A regional Australian mayor said he may sue OpenAI if it does not correct ChatGPT’s false claims that he had served time in prison for bribery, in what would be the first defamation lawsuit against the automated text service.
Brian Hood, who was elected mayor of Hepburn Shire, 120km (75 miles) northwest of Melbourne, last November, became concerned about his reputation when members of the public told him ChatGPT had falsely named him as a guilty party in a foreign bribery scandal involving a subsidiary of the Reserve Bank of Australia in the early 2000s.
Hood did work for the subsidiary, Note Printing Australia, but was the person who notified authorities about payment of bribes to foreign officials to win currency printing contracts, and was never charged with a crime, lawyers representing him said.
The lawyers said they sent a letter of concern to ChatGPT owner OpenAI on March 21, which gave OpenAI 28 days to fix the errors about their client or face a possible defamation lawsuit.
A Microsoft spokesperson was not immediately available for comment.
“It would potentially be a landmark moment in the sense that it’s applying this defamation law to a new area of artificial intelligence and publication in the IT space,” James Naughton, a partner at Hood’s lawfirm Gordon Legal, told Reuters.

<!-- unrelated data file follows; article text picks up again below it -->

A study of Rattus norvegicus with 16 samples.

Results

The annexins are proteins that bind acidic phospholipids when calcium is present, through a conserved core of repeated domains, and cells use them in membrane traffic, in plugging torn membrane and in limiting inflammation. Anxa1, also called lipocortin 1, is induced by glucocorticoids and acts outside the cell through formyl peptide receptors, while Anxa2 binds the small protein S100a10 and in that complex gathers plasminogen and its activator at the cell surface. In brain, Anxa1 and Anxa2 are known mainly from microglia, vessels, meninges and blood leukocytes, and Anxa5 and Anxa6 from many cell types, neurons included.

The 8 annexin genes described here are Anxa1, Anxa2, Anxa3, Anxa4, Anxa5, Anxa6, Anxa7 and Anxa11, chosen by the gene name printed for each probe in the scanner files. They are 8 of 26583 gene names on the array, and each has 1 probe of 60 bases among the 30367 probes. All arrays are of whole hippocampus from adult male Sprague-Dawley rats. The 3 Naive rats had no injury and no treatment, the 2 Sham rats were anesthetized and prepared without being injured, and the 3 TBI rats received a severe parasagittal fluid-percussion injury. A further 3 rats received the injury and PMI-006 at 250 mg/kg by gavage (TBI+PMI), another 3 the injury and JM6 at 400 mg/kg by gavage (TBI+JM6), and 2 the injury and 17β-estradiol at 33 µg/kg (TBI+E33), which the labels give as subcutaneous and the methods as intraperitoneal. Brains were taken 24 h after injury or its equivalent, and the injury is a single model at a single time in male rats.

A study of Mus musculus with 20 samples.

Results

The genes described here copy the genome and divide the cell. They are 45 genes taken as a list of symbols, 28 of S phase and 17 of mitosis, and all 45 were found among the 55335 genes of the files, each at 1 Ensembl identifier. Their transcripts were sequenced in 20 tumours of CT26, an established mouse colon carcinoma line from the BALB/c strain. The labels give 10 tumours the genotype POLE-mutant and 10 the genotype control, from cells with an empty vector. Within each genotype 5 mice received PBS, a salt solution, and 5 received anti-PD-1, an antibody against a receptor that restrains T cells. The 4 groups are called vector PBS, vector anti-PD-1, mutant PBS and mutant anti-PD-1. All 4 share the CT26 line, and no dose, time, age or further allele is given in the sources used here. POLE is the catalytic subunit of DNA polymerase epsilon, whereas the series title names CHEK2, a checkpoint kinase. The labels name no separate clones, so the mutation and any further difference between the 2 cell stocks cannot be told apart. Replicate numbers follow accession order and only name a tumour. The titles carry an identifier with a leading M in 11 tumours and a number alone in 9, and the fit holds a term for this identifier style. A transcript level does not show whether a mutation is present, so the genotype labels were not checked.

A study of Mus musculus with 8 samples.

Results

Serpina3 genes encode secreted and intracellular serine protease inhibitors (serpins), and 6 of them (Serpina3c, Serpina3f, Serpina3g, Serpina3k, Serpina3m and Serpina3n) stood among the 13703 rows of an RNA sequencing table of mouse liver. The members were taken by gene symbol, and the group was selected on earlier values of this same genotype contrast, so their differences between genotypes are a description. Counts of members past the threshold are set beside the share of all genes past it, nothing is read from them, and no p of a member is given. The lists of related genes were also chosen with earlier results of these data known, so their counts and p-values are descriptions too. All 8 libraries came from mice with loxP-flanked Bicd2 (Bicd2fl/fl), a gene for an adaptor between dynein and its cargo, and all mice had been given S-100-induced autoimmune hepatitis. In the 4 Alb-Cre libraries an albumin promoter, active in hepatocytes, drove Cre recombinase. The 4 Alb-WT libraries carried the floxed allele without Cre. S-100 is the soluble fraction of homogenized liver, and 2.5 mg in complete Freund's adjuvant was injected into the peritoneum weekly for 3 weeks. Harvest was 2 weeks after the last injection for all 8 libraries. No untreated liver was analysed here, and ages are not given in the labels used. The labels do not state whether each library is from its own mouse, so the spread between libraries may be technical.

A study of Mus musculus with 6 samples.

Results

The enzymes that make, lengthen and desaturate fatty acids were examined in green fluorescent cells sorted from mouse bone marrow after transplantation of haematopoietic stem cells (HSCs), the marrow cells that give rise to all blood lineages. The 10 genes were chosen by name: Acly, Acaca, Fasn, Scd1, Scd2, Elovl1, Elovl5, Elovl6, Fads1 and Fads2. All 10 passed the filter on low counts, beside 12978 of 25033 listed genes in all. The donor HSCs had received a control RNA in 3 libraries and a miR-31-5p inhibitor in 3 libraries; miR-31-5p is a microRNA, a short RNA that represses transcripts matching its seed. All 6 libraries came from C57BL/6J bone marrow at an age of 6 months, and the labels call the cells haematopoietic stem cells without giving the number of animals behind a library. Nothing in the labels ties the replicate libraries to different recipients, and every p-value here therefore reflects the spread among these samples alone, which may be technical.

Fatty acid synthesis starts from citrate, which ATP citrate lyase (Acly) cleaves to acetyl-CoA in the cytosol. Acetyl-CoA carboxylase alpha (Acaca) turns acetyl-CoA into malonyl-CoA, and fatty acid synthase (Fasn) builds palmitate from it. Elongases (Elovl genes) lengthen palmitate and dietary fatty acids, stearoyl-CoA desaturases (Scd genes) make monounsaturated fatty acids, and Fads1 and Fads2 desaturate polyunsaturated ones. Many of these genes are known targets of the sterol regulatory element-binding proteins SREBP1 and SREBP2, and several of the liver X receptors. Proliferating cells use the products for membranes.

“He’s an elected official, his reputation is central to his role,” Naughton said. Hood relied on a public record of shining a light on corporate misconduct, “so it makes a difference to him if people in his community are accessing this material”.
Australian defamation damages payouts are generally capped around AUD 400,000 (roughly Rs. 2,20,95,602). Hood did not know the exact number of people who had accessed the false information about him – a determinant of the payout size – but the nature of the defamatory statements was serious enough that he may claim more than AUD 200,000 (roughly Rs. 1,09,70,118), Naughton said.
If Hood files a lawsuit, it would accuse ChatGPT of giving users a false sense of accuracy by failing to include footnotes, Naughton said.
“It’s very difficult for somebody to look behind that to say ‘how does the algorithm come up with that answer?'” said Naughton. “It’s very opaque.”